Reports of children starved to death, sexually abused for months and dying of treatable illness prompted a local legislator Monday to call for an audit of the state Department of Social Services.
“I represent all the children of this state. It’s a systemic problem that needs to be addressed,” said state Rep. Jenny Horne, R-Summerville.
Horne called on the Legislative Audit Council to take a closer look at how DSS manages cases involving at-risk children. On Monday, the council agreed in a unanimous vote during a meeting in Charleston.
Although the audit will look at a number of concerns at DSS, the request for it focuses extensively on child safety.
“This is really more of a look at Child Protective Services,” Horne said.
Her concerns are based on constituent complaints about how cases involving children in harmful situations have been managed.
“We’ve had way too many dead children lately,” she said. “Children of this state are being placed at great risk.”
Horne said she discussed her concerns with DSS leaders, and they have shown a willingness to work with her to address her worries. The last audit of the agency was in 2006, she said.
“I think they (DSS) need another look,” she said. “Where there is smoke there is fire.”
More than 30 members of the state House Republican Caucus, including Horne, expressed concerns about child protection in South Carolina in a three-page letter to the council.
The letter asks whether federal and state laws and regulations pertaining to child protective services are being followed by county DSS offices. It seeks information on children who died from abuse and/or neglect during a DSS investigation. It also asks for a review of cases initially deemed unfounded by DSS but later found to involve child abuse and/or neglect.
In addition, caucus members who signed the letter want details of cases that were closed after a child was placed with a relative of a family under investigation. The letter cites an instance in which a child was placed by DSS with a registered sex offender who abused the youngster for 15 months. It also raised concerns about a child admitted to a hospital instead of being placed in a safe home.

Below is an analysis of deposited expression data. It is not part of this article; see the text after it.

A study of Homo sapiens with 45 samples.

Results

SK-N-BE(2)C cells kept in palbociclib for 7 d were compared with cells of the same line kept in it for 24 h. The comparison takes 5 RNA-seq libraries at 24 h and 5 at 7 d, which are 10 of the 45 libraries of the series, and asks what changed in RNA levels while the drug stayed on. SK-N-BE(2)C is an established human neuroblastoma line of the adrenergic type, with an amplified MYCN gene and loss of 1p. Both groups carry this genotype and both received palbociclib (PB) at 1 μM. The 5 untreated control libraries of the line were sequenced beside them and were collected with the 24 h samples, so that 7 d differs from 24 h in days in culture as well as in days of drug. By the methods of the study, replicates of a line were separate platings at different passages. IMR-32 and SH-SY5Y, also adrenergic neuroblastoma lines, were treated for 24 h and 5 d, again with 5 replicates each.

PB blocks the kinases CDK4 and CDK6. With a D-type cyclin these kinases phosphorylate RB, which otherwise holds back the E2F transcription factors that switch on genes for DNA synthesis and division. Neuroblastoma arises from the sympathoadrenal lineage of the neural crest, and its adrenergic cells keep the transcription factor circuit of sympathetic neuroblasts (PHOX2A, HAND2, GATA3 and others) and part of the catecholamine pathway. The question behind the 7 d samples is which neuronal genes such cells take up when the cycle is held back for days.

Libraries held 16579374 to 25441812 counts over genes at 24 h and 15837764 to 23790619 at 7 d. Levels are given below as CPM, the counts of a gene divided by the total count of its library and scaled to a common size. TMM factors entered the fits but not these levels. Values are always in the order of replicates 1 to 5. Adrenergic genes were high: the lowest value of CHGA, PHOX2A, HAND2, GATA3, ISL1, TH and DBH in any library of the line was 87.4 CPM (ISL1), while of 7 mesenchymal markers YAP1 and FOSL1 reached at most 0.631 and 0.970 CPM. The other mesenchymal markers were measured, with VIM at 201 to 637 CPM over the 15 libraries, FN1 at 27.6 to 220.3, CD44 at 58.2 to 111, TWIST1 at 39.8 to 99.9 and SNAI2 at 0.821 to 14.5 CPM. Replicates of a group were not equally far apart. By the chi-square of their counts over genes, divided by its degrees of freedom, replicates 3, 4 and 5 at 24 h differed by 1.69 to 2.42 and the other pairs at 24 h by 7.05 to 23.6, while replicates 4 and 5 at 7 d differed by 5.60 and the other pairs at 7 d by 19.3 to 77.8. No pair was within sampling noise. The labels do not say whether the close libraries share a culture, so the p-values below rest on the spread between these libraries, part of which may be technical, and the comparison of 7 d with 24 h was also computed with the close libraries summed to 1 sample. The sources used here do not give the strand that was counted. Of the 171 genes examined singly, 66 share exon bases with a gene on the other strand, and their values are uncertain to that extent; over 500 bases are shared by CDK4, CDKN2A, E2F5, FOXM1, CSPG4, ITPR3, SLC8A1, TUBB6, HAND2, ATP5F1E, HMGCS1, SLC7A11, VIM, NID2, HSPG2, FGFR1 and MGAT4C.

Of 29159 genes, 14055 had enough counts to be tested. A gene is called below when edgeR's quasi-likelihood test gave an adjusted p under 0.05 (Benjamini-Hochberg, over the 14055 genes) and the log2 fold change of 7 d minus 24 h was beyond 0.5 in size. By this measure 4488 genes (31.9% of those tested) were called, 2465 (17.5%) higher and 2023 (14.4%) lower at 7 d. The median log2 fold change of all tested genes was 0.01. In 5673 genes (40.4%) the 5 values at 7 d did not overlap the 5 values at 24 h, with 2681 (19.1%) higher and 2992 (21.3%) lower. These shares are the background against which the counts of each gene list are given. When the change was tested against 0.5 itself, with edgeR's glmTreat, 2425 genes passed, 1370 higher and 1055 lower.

“Why does the DSS fail to utilize these resources when a child is at risk of trauma?” the letter asks.
After hearing from Horne, council Vice Chairman Mallory Factor of Charleston made a motion to approve the DSS audit. Council member S. Jahue Moore of Lexington said he “wholeheartedly” endorsed the audit.
The audit will begin in January or February, officials said.
DSS spokeswoman Marilyn Matheus said the agency would not be able to comment on plans for the audit until today.
DSS Director Lillian Koller said on the department website that it has eliminated a backlog of nearly 25,000 child abuse and neglect reports pending for 60 days or longer.
She also cites an agency goal to reduce the number of children who experience maltreatment within six months of an investigation in which allegations of abuse or neglect are determined to be unfounded. The number of children in that category needed to fall from 700 to no more than 446 by Sept. 30 of this year, she said.
“While DSS is meeting or exceeding all of the child safety measures imposed by the federal government, there is real cause for concern in an area that the federal government does not measure. By adopting this child safety measure, DSS is now leading the nation in this area,” she said.
The caucus letter seeks a particular focus in the audit on a sample of county DSS offices and how child neglect and/or abuse cases were handled from 2006 to 2012. Other areas of concern include employee and caseworker training as it relates to child welfare.
The lawmakers also seek information about complaints caucus members have received regarding bidding for group home contracts and federal penalties imposed on DSS.
The Legislative Audit Council conducts independent, objective performance audits of state agencies and programs. Its purpose is to assist the General Assembly and the public in determining whether state agencies are efficiently, effectively and lawfully managing public resources and meeting their intended objectives.